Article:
Marvel Action: Black Panther is the first of the Marvel Action series to focus on a solo hero, even the Marvel Action: Spider-Man series is a team book. There are many heroes that could have been chosen to lead this first solo book, but Black Panther is a great choice. Instead of the somewhat familiar surroundings of New York City, we have the amazing Wakanda in which to see our hero operate.
Anyone who watched the recent Black Panther movie will find the visual aesthetics of the book familiar, with many of the designs either being lifted from the film, such as with Okoye, or heavily influenced by the designs. Because of this, the book becomes a lot easier to read for anyone who may not have picked up a Black Panther comic before, such as myself. This is a new world, one separate from the films, yet feels familiar and comfortable.
The book sees Wakanda facing a bizarre and destructive problem, as the weather within their borders goes out of control, resulting in heatwaves, the loss of crops, wild fires, mudslides, and even a huge tornado. Whilst we get hints in the final panels of the issue that a mining official is responsible for these events I have to admit I spent a lot of time wondering (and hoping) that this might have been an introduction to T’Challa’s ex-wife Ororo Munro, Storm from the X-Men. This might have been something of wishful thinking, as ruining a nation to get back at your ex is a bit out of character for Storm, the fact that it is something a lot closer to home for T’Challa and Wakanda is a much better choice.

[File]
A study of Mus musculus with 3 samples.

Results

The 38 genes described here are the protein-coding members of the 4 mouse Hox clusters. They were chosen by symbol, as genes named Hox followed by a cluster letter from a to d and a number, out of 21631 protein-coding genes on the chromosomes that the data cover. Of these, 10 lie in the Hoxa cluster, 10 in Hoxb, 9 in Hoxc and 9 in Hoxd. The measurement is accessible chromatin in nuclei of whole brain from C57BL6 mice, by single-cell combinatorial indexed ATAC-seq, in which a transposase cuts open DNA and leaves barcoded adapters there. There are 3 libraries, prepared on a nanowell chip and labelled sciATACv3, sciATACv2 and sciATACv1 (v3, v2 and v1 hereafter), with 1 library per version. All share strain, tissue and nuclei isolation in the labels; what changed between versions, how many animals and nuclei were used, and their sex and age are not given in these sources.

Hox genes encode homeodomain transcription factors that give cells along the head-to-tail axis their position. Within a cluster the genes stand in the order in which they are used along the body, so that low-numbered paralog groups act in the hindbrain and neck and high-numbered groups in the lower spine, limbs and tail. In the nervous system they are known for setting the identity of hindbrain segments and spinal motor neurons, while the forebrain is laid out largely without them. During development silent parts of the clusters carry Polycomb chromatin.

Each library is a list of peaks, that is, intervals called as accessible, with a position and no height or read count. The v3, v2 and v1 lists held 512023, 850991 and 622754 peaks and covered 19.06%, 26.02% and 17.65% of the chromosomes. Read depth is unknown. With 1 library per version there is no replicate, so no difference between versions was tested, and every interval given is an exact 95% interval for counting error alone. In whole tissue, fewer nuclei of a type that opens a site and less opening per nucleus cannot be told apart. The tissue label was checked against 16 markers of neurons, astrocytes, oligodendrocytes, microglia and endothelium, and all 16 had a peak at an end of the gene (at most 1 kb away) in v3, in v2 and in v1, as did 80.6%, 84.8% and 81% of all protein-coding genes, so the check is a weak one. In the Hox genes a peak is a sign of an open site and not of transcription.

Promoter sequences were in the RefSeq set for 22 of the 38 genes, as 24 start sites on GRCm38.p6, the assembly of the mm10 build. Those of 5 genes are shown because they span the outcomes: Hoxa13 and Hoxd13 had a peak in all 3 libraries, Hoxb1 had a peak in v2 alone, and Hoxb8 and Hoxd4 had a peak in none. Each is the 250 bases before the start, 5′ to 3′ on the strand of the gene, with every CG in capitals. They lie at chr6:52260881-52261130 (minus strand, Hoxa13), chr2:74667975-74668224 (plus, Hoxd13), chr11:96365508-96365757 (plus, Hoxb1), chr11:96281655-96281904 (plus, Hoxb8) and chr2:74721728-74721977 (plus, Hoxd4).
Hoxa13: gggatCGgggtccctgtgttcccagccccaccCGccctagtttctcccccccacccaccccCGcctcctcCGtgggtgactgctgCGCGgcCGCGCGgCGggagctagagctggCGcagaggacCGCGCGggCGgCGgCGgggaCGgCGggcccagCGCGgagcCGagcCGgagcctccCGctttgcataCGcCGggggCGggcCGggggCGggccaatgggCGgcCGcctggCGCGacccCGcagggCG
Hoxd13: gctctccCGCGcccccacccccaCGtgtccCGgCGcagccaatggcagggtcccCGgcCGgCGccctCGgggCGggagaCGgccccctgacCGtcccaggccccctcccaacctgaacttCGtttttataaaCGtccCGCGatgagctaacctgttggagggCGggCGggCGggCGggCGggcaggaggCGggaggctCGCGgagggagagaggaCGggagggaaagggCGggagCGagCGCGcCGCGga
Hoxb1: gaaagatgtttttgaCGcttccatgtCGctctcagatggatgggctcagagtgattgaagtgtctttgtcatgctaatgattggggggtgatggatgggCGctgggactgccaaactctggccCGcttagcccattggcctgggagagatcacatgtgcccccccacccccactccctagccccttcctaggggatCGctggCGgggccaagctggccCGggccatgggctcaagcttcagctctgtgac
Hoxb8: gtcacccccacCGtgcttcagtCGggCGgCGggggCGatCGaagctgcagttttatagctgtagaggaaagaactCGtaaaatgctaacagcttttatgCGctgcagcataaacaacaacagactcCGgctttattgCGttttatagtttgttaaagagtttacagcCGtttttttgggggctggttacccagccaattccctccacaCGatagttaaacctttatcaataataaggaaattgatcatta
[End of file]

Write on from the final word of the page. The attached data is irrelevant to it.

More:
Artwork is provided by Juan Samu, who has previously provided artwork for other IDW books such as Transformers, Back To The Future, and Mask. Samu presents his own vision of both Black Panther and Wakanda, yet manages to make the book feel like a part of the larger Marvel Action series, with the hero looking just like he does in Marvel Action: Avengers. The characters are instantly recognisable and easy to identify thanks to the fact that he has managed to capture their essence perfectly, even if like with Shuri they don’t match their film counterpart exactly.
With a central mystery that is still to be revealed, and the potential for more surprises and action on par with the Hulkbuster scene, Marvel Action: Black Panther is set to not only be a great addition to the Marvel Action series, but a great choice for their first solo hero.
Marvel Action: Black Panther #1 is now available from IDW Publishing.